Bashiok responded to several threads giving some new information on gems and the way Caravans work in multiplayer. He also rejected the idea of a button that would automatically pick-up every item in the vicinity of the player.
Bashiok was asked if it would take over 19000 level 5 gems to make a level 14 one.
Yeah, that's about right. I mean keep in mind none of this has been proven through actual testing but the current design is that yeah, it's going to take a lot of lower level gems to reach the very highest high end.
The gem-to-gem upgrade intent is not to have these huge gaps where you feel like you're lame unless you have level 14 gems in every slot, but as a long term goal for the hardcore min/maxers and PvPers who are going to be playing for a long time and be able to work toward those goals. It's something you can put a little time into just by upgrading the gems you pick up during normal play, so you're constantly able to keep working toward the goal of crafting a level 14 gem.
Also the trading game and millions of people playing for months is going to make them a lot more attainable than they may seem when throwing out numbers like 19,000. :)
It's possible it may feel crappy or we need to add something to help jump gaps, or, who knows. It's all very unproven at the moment, but we think provides a nice long term goal anyone can work toward just by killing monsters and picking up gems.
Gems do stack. Right now it's 10 but that could go up as we see fit. They have a good chance of being used in other ways aside from simply being socketed, something that would siphon them out of the economy. Maybe crafting. We like them remaining as something you have to visit the Jeweler artisan to combine. We don't want it to be annoying or take a lot of time though. We also don't anticipate someone visiting one with 19,000 gems looking to upgrade all the way to level 14. ;)
They don't have a level requirement so we do intend to see them used as a way to twink new characters, or allow people to buy into gemming up a bit earlier on if they have the gold.
Our current anticipation is that it will take the hardcore players quite a while before they start maxing out their gems, long enough that they won't see level 14 gems in all slots for all of their gear before we throw something new at them.
You will not get anywhere near the amount of crafting reagents back from what it took to craft the item. If you craft something, then salvage it, you'll be losing a significant portion of what it will take to make another one of the same type.
It's important to keep in mind that you can pay an artisan to remove the gems from an item. The last design I had heard of was that it was based on gem value, so as you socket higher level gems it becomes more expensive, but you'll almost certainly want to unsocket gems to level them up, or swap to new gear. This may cause some unique problems for low level (non-twink) characters attempting to buy high level gems and then being unable to remove them from the socket when they get a better piece of armor (because they can't afford it), but that may turn out to be an acceptable roadblock.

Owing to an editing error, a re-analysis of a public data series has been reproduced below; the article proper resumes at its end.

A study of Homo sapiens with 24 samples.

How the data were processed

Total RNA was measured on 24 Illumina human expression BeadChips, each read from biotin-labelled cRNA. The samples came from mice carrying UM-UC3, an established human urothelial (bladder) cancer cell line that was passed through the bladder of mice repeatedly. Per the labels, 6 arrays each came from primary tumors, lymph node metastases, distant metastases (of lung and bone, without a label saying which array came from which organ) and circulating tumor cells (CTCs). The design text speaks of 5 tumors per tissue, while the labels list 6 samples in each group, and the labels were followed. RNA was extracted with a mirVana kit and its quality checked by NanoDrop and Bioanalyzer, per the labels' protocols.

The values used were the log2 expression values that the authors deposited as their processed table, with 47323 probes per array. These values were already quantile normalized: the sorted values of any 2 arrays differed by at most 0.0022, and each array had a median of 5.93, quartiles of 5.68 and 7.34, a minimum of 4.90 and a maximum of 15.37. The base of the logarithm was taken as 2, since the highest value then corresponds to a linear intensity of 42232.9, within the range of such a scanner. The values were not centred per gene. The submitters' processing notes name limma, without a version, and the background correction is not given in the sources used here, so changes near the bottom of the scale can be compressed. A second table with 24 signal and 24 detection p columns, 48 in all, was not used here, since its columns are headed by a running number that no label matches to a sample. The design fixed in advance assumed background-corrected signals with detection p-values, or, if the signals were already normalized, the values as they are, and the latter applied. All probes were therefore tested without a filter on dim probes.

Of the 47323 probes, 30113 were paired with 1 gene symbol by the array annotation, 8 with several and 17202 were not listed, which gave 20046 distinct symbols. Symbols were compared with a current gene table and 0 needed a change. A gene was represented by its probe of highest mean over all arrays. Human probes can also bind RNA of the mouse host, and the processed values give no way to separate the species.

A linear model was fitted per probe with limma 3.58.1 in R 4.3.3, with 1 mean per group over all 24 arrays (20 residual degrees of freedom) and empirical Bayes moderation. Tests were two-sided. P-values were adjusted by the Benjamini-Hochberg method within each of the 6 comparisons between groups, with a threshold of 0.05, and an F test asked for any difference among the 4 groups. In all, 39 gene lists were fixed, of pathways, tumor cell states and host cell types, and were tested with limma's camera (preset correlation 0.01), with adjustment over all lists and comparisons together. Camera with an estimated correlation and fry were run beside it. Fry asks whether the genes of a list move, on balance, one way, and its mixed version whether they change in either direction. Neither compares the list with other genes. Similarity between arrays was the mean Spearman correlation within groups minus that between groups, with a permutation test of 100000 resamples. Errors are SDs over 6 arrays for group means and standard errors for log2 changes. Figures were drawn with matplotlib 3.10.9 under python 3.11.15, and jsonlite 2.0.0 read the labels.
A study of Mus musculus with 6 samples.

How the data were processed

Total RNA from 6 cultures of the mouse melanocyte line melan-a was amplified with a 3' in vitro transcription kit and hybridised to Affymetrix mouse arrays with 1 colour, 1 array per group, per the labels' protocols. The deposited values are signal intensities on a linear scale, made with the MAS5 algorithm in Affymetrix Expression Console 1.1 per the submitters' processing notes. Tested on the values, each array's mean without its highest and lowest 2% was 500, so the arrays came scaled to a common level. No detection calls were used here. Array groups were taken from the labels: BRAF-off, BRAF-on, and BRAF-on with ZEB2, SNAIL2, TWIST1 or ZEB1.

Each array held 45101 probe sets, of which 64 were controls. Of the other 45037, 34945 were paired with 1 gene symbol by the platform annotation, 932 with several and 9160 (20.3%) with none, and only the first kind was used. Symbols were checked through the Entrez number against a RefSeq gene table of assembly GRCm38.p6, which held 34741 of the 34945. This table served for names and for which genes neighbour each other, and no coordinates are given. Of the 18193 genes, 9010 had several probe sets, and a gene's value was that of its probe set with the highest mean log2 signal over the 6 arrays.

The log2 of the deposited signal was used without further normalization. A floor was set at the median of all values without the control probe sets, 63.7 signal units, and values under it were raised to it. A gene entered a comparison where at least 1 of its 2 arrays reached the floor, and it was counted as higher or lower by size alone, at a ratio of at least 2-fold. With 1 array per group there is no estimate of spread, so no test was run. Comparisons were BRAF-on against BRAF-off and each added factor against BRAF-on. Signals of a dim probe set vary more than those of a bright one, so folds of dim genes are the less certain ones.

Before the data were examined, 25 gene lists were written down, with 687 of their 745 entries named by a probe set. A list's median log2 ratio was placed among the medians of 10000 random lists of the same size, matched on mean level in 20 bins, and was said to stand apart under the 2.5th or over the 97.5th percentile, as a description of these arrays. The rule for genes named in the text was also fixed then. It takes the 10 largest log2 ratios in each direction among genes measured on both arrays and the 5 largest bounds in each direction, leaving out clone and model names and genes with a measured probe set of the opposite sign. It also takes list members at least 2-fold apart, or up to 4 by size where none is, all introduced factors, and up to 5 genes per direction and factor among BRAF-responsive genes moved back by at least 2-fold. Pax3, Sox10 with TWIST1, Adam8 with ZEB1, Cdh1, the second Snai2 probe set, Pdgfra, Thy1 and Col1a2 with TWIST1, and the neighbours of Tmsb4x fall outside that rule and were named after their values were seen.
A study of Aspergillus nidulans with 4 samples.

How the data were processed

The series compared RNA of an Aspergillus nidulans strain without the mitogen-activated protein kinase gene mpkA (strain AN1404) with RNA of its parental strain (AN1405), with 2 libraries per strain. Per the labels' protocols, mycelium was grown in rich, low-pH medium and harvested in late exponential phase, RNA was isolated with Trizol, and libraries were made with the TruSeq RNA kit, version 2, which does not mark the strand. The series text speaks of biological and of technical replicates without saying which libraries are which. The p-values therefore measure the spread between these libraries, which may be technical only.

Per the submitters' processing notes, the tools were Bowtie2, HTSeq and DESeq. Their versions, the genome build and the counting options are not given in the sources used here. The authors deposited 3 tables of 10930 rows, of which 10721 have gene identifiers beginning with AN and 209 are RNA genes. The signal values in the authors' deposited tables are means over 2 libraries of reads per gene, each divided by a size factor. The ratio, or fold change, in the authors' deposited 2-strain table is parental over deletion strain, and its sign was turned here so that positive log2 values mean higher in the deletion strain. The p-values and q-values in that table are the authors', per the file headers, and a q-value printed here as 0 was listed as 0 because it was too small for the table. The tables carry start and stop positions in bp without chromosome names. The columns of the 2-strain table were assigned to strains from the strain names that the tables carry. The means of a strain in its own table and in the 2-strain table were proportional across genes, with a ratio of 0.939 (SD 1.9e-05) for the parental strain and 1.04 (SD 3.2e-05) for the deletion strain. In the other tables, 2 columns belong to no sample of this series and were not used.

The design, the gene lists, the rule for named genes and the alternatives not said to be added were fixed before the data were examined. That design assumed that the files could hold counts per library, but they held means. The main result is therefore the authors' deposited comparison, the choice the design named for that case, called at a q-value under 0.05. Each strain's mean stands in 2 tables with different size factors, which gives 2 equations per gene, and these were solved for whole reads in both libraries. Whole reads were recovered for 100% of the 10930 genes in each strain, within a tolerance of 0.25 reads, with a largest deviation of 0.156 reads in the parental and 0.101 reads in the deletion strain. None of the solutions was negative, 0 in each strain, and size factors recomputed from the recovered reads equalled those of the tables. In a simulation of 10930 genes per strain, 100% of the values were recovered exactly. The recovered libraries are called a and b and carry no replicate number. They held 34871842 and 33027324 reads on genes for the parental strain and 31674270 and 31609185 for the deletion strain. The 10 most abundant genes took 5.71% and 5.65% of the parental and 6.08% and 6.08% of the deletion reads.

But what if the recipe calls for a gem in it's creation. In that instance, it's not really a socketed item as an ingredient. Can we still re-coup the gem in this case? Or will we never run into this circumstance?
The idea of gems even being required for recipes is still just a notion, so in-depth design on how they're incorporated with crafting is unknown.
You will see and interact with your own caravan while in a multiplayer game.
That doesn't stop someone from crafting something from their upgraded artisan and trading it to you, of course.
Yea that was a concern I had as well. If you were lucky enough to find a very rare powerful recipe, you would want to control the production of it. It would have been lame if any1 in the current game with you could just start using your' artisans at their leisure.
I always imagined a situation where people would have rare recipes and actually charge entry to their games so people could craft them. It has huge griefing potential, and really selling the crafted item is a cleaner way to make desirable items accessible. It does require the investment up front though.
We don't like and don't want to encourage any type of item-hoovering. Killing monsters, seeing items pop out, and then picking them up is part of the game.
We don't mind auto-pickup for gold because there's never any reason you wouldn't pick it up, because it doesn't take up inventory space. Anything that takes up inventory space has some amount of choice attached to it, regardless if you think you'll salvage most things or not.
It's important to note that fewer items drop in Diablo III as compared to Diablo II, and the chances for rarer items to drop is less extreme. So you'll be picking up fewer items, and they'll generally be of higher quality as compared to the previous game.